Ruger SR1911

Ruger SR1911

Ruger SR1911
Type Semi-automatic pistol
Place of origin United States
Production history
Manufacturer Sturm, Ruger & Co.
Unit cost $829.00[1]
Produced 2011–present[1]
Variants SR1911 Commander (SR1911CMD)
Weight 39 ounces (1,100 g), SR1911
36.4 ounces (1,030 g), SR1911CMD [1]
Length 8.67 inches (22.0 cm), SR1911
7.75 inches (19.7 cm), SR1911CMD [1]
Barrel length 5 inches (13 cm), SR1911
4.25 inches (10.8 cm), SR1911CMD [1]
Width 1.34 inches (3.4 cm)[1]
Height 5.45 inches (13.8 cm)[1]

Caliber .45 ACP[1]
Barrels 1:16 right hand twist [1]
Action Short recoil operation (Single Action)[1]
Feed system 8+1-round magazine, SR1911
7+1-round magazine, SR1911CMD [1]
Sights Fixed Novak 3-dot[1]

The Ruger SR1911 is a semi-automatic pistol modeled after the classic M1911A1 pistol, which has served the US armed forces for over 100 years.


Like the M1911, the Ruger 1911 is single action only. It also has features such as a beavertail grip safety and a manually operated thumb safety. In addition to these two safeties, the Ruger SR1911 also has a sear disconnect, slide stop and half-cock position. Although Colt's 80 series developed a trigger operated firing pin block safety, and Kimber and Smith & Wesson use a Swartz firing-pin safety, which is operated by the grip safety; the Ruger SR1911 pistol features a titanium firing pin and heavy firing pin spring, which negates the need for a firing pin block, offering an updated safety feature without compromising trigger pull weight.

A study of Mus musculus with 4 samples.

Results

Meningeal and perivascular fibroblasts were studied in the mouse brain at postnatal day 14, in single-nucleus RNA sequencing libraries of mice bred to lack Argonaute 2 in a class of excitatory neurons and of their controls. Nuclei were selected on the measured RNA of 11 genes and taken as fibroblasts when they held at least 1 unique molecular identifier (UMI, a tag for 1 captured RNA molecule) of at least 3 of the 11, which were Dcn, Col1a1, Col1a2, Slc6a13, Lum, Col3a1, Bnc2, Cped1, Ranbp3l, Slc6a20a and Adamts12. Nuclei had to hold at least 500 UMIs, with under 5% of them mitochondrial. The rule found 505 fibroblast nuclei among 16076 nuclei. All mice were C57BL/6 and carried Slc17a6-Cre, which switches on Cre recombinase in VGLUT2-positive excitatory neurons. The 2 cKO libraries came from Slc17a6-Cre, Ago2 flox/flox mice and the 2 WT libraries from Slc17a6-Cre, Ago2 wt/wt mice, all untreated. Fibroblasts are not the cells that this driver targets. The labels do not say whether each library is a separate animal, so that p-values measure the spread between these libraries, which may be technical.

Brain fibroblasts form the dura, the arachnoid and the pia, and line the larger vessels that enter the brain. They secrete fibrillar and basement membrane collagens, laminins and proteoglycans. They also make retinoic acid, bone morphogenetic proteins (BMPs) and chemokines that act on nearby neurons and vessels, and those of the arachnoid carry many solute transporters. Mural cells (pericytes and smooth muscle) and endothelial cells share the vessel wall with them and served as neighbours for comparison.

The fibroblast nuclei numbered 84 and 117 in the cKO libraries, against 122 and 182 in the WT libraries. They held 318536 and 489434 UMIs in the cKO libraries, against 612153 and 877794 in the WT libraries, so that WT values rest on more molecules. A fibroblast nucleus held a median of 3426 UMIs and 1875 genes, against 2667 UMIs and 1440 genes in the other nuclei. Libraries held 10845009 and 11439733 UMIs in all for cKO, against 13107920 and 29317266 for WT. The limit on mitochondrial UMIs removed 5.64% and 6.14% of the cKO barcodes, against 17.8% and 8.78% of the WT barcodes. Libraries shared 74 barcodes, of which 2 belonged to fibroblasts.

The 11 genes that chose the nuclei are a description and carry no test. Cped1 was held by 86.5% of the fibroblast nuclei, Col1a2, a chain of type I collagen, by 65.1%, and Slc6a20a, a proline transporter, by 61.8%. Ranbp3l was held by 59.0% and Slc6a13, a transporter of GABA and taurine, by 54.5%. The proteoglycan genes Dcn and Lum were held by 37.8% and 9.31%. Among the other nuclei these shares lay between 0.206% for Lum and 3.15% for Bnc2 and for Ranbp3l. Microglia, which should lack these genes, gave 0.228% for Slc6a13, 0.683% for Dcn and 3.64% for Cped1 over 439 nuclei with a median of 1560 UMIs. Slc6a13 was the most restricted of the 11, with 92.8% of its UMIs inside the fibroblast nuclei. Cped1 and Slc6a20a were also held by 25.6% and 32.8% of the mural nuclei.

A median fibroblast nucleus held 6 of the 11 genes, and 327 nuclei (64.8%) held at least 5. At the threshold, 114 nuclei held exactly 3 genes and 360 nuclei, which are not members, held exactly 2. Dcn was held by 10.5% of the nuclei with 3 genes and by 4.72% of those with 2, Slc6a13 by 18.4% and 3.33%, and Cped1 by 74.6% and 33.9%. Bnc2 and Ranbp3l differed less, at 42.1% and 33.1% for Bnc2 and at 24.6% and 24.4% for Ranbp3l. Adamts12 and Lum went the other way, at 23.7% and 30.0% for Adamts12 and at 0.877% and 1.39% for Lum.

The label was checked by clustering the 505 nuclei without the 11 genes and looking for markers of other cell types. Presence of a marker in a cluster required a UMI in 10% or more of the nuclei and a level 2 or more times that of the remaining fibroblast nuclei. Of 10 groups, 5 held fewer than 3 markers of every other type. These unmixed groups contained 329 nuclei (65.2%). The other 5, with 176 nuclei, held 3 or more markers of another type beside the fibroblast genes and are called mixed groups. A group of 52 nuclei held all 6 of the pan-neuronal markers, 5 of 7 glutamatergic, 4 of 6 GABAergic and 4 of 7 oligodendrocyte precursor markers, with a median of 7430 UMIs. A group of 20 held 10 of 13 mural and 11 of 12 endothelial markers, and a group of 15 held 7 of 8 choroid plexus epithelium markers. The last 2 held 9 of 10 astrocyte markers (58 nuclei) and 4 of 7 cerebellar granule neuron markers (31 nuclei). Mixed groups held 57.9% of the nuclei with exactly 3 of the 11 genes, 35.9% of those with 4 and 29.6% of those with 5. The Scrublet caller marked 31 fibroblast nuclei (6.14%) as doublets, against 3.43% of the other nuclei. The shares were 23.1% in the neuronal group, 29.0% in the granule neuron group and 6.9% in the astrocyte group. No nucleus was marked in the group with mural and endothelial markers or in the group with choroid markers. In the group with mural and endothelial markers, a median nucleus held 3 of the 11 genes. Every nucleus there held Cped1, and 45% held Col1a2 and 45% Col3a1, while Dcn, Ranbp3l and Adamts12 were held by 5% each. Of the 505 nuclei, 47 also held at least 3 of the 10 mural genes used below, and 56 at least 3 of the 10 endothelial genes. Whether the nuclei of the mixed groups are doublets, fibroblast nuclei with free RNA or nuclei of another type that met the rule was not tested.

To improve quality, the stainless steel barrel and bushings are all produced from the same bar stock and on the same machine. Features such as an oversized ejection port and an extended magazine release enhance the performance of the weapon as well. The SR1911 also has a visual inspection port which allows for visual confirmation that the chamber is loaded.[2]

Design-wise, it is nearly identical to the M1911A1. After the gun is fired, the recoil energy sends the slide rearward slightly. At this point, a dropping link under the barrel pivots the barrel's rear down, out of locking lug recesses in the slide, and the barrel is stopped by making contact with the lower barrel lugs against the frame's vertical impact surface. As the slide continues rearward, a claw extractor pulls the spent casing from the firing chamber and an ejector strikes the rear of the case, pivoting it out and away from the pistol. The slide stops and is then propelled forward by a spring to strip a fresh cartridge from the magazine and feed it into the firing chamber. At the forward end of its travel, the slide locks into the barrel and is ready to fire again.



  1. 1 2 3 4 5 6 7 8 9 10 11 12 13 "Ruger SR1911". Sturm, Ruger & Co., Inc. Retrieved 7 December 2012.
  2. "Ruger SR1911 Features". Sturm, Ruger & Co., Inc. Retrieved 7 December 2012.
This article is issued from Wikipedia - version of the 12/30/2015. The text is available under the Creative Commons Attribution/Share Alike but additional terms may apply for the media files.